HBCU’s are alive and well in Rochester


Historically black colleges and universities are alive and well in Rochester.


Today at the Riverside Convention Center hundreds of RCSD students and parents at the 2nd Rochester Historically Black Colleges and Universities Fair sponsored by the United Negro College Fund met and had their picture taken with Mayor Lovely Warren (as did I), ate sandwiches (as did I), did pull ups at the ROTC Marine Corps booth (thought about it), and danced (would not be a good move).

Most importantly, they met representatives from, and soaked up information about, dozens of HBCUs, as well as national Fraternities and Sororities. A few won hefty on the spot scholarships.  It was even better than being in school!IMG_1020

Based upon my experience, HBCUs are a good fit for many RCSD students.  In Social Studies and English classes, I see how discussions of African-American history and literature–whether it be Jackie Robinson breaking the color line or The Souls of Black Folk  by W.E.B. DuBois–can spark a keen, often newly found, interest. HBCUs offer such students the chance to explore rich traditions and histories in a rigorous academic setting.  And, as HBCUs become ever more diverse, students can celebrate black identity and  participate in an American vision–slow but advancing–of a healthy post racial society.


Probably no one in the ballroom has been to more HBCU Fairs than DJ Shogun, international celebrity mixologist par excellence. Mr. Shogun (not his real name) dj’s–and often participates in panels on the music industry–at HBCUs all over the country: L.A, Atlanta, Tuskegee, Chicago, Dayton, New Orleans, Minnesota and San Francisco. This is his 7th visit to Rochester.  While DJ sees some HBCUs struggling with enrollment, most are effectively “selling the brand” to the new generation. It’s that very vision of the vibrancy of a mostly African-American campus experience without feeling in any way segregated.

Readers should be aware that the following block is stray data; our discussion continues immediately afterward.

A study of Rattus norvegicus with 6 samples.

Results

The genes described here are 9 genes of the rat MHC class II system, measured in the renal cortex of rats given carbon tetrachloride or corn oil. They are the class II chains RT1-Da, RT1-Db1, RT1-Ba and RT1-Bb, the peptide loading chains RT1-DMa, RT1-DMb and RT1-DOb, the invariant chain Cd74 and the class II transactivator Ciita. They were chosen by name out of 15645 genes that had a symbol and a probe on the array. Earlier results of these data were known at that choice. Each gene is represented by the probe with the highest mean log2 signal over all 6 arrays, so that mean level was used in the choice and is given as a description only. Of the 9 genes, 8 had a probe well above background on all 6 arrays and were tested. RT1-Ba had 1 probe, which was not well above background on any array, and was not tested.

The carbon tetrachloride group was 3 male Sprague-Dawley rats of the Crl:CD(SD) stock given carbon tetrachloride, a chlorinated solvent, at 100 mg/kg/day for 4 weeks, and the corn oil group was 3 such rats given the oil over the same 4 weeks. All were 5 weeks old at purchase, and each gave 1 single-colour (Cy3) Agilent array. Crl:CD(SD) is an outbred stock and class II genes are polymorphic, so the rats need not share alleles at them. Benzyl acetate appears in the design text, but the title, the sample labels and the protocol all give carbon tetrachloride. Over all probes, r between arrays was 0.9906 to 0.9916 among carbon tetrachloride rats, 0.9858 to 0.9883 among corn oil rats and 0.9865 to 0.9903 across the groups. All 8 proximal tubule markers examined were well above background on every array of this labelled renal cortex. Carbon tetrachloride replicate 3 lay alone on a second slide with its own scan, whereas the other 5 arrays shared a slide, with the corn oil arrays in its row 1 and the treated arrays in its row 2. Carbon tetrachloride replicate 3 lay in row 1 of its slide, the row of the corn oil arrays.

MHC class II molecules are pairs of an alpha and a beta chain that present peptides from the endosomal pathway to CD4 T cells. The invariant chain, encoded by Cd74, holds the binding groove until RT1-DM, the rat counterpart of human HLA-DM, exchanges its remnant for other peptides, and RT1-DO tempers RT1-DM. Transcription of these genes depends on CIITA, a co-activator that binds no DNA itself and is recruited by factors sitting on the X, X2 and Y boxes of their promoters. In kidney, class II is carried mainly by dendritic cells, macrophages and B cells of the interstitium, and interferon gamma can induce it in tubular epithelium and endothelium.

Another man who soaked up the event was Chris “Goodknews” Cardwell, Mayor Warren’s personal photographer. As you will note, his pictures are just a little better than mine.

This was Chris’ first HBCU Fair. He himself went to Hampton University as did DuBois. As Chris’ camera filled up with shots of enthusiastic and energized young people, he felt the HBCU message getting across.  As Chris says, with exposure and information, students quickly see if an HBCU is right for them.


So plenty of Good News at the Riverside Convention Center on a November-defying sunny afternoon. I still can’t believe some of the kids who I remembered from 7th grade are now old enough for college. Time for more pull ups and fewer sandwiches.